BY Jessica McKenzie | Tuesday, July 8 2014

(Photo: Gerd Altmann/Pixabay)

You probably work for “The Man.” If not you, then someone close to you does, and even if you have no friends or family, your government is almost certainly doing business with him. Wouldn't it be nice to know a bit more about the so-called “Man”? Thanks to the massive open data project OpenCorporates, you now can, and they are intensifying their data opening efforts with #FlashHacks, a crowdscraping campaign launched today. The campaign goal is to release 10 million data points on the companies you work for, work with, buy from, sell to, and deal with in tangible and intangible ways every day, and all in just 10 days.

OpenCorporates launched three years ago and has since become the world's largest open database of companies, with information on more than 75 million companies, all of it sourced directly from governments and completely verifiable. Every week they add roughly a million more pieces of information; during #FlashHacks they want to exponentially increase that rate.

Hera Hussain, OpenCorporates community and communications manager, tells techPresident that although governments are making open data pledges and signing partnerships left and right, that making data open is still quite slow. This is, Hussain says, because governments “don't want to, can't be bothered, or don't have the resources.”

Open data is about more than just making information public; it's about making information freely and openly searchable, and machine-readable. That means PDFs need not apply.

And yet governments continue to release information in the form of scanned PDF documents. To get at the information, developers write a kind of bot called a scraper, which crawls through websites or documents and extracts data.

That is what OpenCorporates has called upon the crowd to help them do: scrape websites for information.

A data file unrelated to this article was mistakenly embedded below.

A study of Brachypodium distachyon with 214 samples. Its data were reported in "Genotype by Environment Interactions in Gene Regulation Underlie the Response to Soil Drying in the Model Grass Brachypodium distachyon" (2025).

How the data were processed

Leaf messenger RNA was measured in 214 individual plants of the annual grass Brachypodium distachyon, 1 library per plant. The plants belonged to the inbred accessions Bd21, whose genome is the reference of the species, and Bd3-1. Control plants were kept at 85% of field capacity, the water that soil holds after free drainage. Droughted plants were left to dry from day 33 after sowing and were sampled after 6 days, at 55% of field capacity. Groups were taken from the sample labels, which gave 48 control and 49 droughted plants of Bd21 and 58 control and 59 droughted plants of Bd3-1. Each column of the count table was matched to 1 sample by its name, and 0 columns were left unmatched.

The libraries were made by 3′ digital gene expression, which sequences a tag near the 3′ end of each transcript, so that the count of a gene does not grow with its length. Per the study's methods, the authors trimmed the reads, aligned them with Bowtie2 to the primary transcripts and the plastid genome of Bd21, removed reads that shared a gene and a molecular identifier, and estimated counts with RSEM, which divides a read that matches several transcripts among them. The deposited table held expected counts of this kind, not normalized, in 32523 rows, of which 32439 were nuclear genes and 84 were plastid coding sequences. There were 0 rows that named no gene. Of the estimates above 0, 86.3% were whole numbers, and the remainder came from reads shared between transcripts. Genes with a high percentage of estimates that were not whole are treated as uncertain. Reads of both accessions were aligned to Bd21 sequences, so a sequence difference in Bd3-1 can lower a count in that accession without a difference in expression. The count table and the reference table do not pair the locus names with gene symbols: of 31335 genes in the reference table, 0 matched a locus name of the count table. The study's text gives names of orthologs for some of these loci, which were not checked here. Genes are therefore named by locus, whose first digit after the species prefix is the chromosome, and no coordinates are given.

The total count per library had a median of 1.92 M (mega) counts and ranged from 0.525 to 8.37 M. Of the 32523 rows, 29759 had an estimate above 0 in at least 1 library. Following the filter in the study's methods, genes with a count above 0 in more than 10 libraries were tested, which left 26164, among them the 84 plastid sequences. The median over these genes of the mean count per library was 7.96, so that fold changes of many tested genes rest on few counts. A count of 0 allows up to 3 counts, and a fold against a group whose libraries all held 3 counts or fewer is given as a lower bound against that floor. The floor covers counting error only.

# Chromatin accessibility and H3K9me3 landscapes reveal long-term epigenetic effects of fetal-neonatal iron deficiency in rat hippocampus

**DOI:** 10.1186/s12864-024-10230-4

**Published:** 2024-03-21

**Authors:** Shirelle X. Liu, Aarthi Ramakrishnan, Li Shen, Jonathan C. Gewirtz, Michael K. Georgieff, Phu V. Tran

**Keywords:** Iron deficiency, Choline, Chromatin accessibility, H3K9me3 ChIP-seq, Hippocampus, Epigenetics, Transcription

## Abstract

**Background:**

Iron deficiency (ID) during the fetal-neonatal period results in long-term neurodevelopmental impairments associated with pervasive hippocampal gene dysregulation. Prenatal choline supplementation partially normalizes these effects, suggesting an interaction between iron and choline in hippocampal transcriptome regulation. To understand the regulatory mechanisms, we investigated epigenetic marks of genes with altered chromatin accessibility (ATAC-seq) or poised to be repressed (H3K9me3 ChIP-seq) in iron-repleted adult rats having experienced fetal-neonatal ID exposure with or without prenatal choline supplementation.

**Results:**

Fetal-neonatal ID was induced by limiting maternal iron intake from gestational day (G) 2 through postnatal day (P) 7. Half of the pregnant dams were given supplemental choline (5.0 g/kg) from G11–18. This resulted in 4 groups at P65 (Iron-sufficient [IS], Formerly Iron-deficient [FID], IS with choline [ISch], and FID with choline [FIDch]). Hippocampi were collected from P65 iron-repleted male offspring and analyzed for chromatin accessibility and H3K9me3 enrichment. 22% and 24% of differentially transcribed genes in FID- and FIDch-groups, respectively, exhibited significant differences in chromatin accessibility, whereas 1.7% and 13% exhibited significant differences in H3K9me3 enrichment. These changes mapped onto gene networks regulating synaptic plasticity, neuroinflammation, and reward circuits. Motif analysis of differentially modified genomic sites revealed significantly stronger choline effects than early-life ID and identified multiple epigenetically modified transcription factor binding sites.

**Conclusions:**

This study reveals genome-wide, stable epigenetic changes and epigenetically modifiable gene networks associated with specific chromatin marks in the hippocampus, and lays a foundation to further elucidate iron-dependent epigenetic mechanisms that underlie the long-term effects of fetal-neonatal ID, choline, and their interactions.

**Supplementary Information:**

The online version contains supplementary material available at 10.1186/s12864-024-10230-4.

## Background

Each dataset has particular structural quirks that the bot must be taught to recognize so that it can accurately sort information. The complexity of the bot depends on the complexity of the documents it is meant to scrape, so writing a bot can take anywhere between 20 minutes to four days.

Although OpenCorporates already has support from the tight-knit open data community, Hussain says they hope people share this campaign with their other networks. This is the perfect project for a developer who may not work with open data every day, but who has 20 minutes or an hour to spare to help change the world.

Information from OpenCorporates has already been used by the Global Witness in their research on anonymous companies and by Open Oil in their work to uncover the sprawling, multilayer structure of the oil multinational BP.

#FlashHacks is timed to end with the Open Knowledge Festival in Berlin next week, where Open Oil will present some of their findings.

Perhaps the greatest thing about #FlashHacks is that all of the datasets (take a look at some of the suggested missions here, rated by difficulty level) have been requested by NGOs.

Hussain said it was all a bit hush hush before the campaign launched, and that they only reached out to NGOs they have a history with, but tomorrow OpenCorporates will put up a Google doc where any NGO can suggest datasets that would be of use to their organization.

Personal Democracy Media is grateful to the Omidyar Network and the UN Foundation for their generous support of techPresident's WeGov section.